Arcadia Ohio Norfolk Southern Train Derailment
Arcadia Ohio Norfolk Southern Train Derailment Lawsuits
Arcadia Ohio Norfolk Southern Train Derailment | Lawsuits, Lawyers | Exposure: Injury, Property Damages | Contamination, Explosions, Ethanol, Toxic Chemicals
Was your family evacuated as a result of the train derailment near Arcadia, Ohio on February 6, 2011? If so, you may be entitled to receive compensation from Norfolk Southern and other responsible parties for disruption and loss due to relocation, hotels, food, possible property contamination, emotional distress, sickness, and other losses due to this disturbance in your lives. Our law firm has already opened an investigation into the Ohio train derailment. If you were among those evacuated because of this dangerous accident, our Ohio train derailment lawyers want to hear from you today.
We are offering free legal consultations to all Ohio train derailment evacuees. We can make sure you recover damages for your inconvenience, hotel and food expenses, possible property contamination, and emotional distress. We urge you to contact one of our experienced Ohio train derailment lawyers today to protect your legal rights.
Arcadia, Ohio Train Derailment
The early morning train derailment and explosion near Arcadia, in Hancock County, Ohio resulted in the evacuation of about 20 homes. According to local media reports, the 62-car Norfolk Southern train was transporting ethanol, and the 18 cars involved in the derailment carried 320,000 gallons of the highly volatile chemical.
About 20 homes were evacuated in the area about two miles west of the village of Arcadia, but it was unclear exactly how many people were in those homes. According to the Toledo Blade, some evacuees were taken to Arcadia United Methodist Church, while others were taken to Arcadia Trinity Lutheran Church.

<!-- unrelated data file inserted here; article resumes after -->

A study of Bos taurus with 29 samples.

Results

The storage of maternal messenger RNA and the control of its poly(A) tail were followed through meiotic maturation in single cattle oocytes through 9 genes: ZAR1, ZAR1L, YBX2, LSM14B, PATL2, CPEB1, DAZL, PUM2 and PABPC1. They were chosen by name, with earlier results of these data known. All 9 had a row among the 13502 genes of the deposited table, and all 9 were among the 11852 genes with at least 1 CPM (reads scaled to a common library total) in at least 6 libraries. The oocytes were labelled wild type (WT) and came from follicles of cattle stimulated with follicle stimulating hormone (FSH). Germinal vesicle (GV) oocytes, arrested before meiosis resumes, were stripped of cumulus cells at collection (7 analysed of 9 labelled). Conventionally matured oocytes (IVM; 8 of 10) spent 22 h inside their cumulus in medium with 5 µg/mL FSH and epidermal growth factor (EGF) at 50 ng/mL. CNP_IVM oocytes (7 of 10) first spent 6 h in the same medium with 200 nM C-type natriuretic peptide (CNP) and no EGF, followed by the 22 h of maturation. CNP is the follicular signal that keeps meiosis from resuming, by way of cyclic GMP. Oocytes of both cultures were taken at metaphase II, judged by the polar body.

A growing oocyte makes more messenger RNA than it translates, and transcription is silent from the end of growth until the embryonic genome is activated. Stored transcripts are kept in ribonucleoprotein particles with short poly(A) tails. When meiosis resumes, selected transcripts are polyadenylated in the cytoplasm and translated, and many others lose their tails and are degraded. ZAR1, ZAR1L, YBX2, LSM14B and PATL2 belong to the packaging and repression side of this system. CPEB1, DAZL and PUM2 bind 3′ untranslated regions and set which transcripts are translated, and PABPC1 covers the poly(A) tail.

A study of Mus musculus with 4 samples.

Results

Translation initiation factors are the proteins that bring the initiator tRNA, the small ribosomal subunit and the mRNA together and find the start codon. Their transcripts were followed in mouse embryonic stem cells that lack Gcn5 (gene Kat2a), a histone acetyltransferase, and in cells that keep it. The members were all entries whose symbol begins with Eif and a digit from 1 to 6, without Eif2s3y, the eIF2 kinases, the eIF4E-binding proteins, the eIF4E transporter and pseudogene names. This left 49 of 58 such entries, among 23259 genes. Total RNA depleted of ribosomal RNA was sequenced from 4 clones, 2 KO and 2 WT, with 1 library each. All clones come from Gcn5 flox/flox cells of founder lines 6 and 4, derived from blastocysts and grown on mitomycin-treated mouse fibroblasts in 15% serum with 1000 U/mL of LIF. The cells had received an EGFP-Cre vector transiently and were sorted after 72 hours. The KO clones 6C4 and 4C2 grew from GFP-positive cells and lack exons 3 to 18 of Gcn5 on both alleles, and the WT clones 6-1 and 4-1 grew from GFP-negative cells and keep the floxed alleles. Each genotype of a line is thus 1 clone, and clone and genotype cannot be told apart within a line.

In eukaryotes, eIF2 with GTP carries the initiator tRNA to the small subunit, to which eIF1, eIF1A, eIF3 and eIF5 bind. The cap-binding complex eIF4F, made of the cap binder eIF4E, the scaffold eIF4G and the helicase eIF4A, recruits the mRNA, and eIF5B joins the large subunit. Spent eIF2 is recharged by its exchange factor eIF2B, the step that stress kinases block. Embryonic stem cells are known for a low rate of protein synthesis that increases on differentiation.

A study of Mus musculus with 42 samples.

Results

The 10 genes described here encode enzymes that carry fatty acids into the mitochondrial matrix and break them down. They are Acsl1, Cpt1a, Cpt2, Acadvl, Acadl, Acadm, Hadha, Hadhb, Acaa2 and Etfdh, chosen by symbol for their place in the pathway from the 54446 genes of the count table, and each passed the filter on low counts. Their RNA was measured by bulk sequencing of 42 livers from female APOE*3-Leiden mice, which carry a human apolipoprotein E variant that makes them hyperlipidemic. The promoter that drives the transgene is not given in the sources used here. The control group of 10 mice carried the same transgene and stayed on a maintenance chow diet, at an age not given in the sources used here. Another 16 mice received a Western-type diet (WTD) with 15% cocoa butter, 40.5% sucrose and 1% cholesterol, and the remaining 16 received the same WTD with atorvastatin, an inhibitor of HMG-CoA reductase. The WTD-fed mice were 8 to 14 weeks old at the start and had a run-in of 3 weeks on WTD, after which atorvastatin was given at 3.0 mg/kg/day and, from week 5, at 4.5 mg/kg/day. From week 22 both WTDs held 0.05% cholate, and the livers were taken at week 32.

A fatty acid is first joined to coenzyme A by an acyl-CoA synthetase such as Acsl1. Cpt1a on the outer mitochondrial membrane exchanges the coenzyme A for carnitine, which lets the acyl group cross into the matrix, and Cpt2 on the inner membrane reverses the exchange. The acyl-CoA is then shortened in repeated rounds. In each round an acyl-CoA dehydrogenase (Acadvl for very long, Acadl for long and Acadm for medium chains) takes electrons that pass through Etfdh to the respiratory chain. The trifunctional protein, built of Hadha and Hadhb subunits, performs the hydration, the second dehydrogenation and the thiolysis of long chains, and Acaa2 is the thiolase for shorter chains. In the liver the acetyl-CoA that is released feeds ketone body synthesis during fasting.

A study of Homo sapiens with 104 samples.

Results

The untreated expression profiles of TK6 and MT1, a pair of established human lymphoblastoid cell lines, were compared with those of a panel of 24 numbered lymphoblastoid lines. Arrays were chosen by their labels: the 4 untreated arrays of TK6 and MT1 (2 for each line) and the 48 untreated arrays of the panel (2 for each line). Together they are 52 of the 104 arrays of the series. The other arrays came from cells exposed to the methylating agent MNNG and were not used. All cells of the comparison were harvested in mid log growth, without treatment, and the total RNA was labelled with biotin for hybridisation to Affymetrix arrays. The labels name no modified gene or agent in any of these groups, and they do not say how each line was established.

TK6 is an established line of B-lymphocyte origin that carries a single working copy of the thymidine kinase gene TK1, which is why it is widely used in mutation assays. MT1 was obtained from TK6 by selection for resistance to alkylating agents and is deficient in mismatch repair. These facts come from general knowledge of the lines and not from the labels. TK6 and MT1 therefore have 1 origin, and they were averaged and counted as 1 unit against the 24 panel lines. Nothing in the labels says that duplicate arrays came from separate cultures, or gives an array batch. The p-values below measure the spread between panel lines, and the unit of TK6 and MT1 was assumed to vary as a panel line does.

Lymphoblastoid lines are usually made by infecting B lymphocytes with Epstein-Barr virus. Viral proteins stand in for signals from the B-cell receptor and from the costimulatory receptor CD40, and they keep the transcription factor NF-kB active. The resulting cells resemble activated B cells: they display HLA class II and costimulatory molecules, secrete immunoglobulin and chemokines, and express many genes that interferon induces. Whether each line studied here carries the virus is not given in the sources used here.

Waterways in the area were being tested Sunday morning by the Ohio Environmental Protection Agency to see if there was any contamination, and there are plans for air monitoring. Firefighters were also placing dikes in nearby streams to prevent contamination.
It is not yet known what caused the train derailment, but there is some speculation that heavy snowfall the day prior could have played some role in the accident.
The Norfolk Southern train was headed from Chicago to North Carolina on an east-west line when it derailed at 2:20 a.m. Fortunately, no injuries were reported. Witnesses reported hearing multiple explosions after the derailment, some of which shook nearby homes. A fireball could be seen from up to 15 miles away.
One hundred firefighters from surrounding departments responded to the scene in Cass Township, just northwest of Arcadia. Flames were so intense that emergency crews were forced to remain at least a mile away for safety reasons.